Mt. Lebanon no parking

Harry Funk / The Almanac

Mt. Lebanon officials look to improve parking enforcement with license plate recognition.

Overnight parking on public streets in Mt. Lebanon is subject to new provisions.

Residents will be permitted to request up to 20 exceptions per vehicle license plates per year.

“Mt. Lebanon currently prohibits overnight parking on public streets. This is not an ordinance that suddenly is going to prohibit parking. That’s been on the books since the mid-1970s. This is just adjusting an existing ordinance,” Commissioner Steve Silverman said.

He and other commissioners voted unanimously April 27 to approve an ordinance that amends the Mt. Lebanon code. In February, they decided on Oct. 1 for the start of a grace period prior to enforcement of a key provision of the ordinance beginning Jan. 1.

The ordinance gained approval following extensive discussion during the past three-plus years as commissioners and municipal staff members sought to arrive at a solution to abuse of the system that was in place for residents to ask for exceptions to the parking prohibition on public streets between 2 and 6 a.m.

As far back as February 2018, Commissioner Craig Grella reported the findings of research on six years’ worth of overnight parking requests.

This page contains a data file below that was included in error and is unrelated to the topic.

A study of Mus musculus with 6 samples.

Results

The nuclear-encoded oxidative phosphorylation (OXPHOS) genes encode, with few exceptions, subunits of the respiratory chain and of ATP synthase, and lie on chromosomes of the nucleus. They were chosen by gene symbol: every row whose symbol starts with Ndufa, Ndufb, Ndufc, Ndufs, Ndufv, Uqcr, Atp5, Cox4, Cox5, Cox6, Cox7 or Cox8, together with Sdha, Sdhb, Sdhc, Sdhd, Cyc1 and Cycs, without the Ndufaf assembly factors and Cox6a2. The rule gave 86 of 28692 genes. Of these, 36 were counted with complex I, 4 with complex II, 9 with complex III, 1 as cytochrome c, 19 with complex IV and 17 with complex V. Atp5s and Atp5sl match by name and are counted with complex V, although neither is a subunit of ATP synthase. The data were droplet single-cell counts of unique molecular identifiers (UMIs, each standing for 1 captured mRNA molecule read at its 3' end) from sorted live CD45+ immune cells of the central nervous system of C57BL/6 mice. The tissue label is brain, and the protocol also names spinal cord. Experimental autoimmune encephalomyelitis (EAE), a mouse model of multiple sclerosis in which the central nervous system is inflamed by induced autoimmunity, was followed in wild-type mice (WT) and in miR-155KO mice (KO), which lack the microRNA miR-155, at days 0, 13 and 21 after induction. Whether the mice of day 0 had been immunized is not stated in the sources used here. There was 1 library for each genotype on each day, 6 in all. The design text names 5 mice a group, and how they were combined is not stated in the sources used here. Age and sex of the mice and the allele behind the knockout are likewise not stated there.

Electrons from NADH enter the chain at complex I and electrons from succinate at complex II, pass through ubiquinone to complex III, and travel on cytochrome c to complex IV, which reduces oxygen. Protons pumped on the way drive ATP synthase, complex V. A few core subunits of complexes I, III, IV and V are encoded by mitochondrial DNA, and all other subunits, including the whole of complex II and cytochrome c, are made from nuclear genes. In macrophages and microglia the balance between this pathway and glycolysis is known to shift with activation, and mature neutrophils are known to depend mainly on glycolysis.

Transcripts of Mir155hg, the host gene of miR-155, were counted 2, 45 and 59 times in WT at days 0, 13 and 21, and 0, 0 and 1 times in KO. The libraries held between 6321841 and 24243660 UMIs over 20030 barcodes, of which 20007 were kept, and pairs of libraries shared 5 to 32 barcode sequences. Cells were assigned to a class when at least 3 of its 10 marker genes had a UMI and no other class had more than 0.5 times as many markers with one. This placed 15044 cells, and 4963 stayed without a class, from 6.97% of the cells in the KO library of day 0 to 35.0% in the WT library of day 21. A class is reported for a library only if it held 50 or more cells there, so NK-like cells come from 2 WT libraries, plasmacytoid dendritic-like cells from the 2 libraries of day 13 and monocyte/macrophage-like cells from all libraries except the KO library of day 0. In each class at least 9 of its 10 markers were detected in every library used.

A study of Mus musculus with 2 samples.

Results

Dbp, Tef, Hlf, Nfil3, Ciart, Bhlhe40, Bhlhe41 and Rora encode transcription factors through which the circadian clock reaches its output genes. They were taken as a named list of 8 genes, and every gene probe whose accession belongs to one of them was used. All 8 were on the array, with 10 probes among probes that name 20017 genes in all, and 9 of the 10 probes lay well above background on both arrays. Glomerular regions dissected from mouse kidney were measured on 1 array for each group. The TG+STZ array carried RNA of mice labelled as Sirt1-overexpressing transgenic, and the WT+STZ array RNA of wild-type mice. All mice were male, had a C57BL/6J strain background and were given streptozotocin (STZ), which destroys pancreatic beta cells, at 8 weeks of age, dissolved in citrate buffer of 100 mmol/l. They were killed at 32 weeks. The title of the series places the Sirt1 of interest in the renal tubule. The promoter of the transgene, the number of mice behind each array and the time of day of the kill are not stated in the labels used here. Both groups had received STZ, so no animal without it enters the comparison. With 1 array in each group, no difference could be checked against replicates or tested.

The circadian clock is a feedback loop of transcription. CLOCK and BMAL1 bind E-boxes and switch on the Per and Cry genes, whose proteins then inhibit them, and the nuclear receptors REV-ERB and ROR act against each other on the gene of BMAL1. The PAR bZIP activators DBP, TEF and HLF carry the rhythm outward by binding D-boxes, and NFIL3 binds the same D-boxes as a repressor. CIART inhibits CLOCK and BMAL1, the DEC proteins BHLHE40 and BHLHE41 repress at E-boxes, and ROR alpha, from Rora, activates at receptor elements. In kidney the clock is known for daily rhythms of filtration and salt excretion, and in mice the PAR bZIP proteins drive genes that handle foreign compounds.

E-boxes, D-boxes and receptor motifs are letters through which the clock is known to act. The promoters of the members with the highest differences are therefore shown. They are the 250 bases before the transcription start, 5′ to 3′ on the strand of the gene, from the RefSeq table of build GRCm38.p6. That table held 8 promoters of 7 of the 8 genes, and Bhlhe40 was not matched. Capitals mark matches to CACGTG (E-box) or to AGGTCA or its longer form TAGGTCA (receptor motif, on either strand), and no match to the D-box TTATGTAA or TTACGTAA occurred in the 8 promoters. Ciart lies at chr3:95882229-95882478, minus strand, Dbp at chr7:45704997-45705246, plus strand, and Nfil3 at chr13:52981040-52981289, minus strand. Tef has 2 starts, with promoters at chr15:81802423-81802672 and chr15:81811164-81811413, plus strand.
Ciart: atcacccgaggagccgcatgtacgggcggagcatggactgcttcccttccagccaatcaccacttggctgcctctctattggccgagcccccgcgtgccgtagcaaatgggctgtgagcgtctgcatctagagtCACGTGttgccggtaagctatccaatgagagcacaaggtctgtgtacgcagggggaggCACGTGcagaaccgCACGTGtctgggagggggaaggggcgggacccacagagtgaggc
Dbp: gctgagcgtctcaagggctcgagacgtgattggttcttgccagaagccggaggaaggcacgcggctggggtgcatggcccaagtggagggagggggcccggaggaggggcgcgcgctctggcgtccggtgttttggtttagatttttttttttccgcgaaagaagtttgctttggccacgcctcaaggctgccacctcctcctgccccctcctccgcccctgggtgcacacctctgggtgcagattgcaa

“In some cases, we had individual addresses requesting multiple thousands,” he said at that time. “In some cases, we had addresses requesting more than there are nights in that time period. So they’re requesting for multiple license plates.”

With enactment of the new ordinance, a resident who seeks to exceed 20 requests must follow either an existing process to obtain a permit for an overnight parking zone or a new process to establish and obtain a permit for a special permit parking space, which requires a demonstration of good reason and items beyond the control of the applicant.

Reasons cited in the Mt. Lebanon Code include guests who are staying overnight, disabled motor vehicles and construction projects that or prevent access to a driveway or parking area. If more than one inch of snow accumulates, no one may park on the street for any reason, to allow plows to clear the roads safely.

The municipality will monitor overnight requests through a database management system that includes a feature to notify residents of where they stand with regard to reaching the limit.

Multimedia Reporter

Staff writer Harry Funk, a professional journalist for three-plus decades, has been on the staff of The Almanac since 2015. He has a bachelor’s degree in journalism and master of business administration, both from Indiana University of Pennsylvania.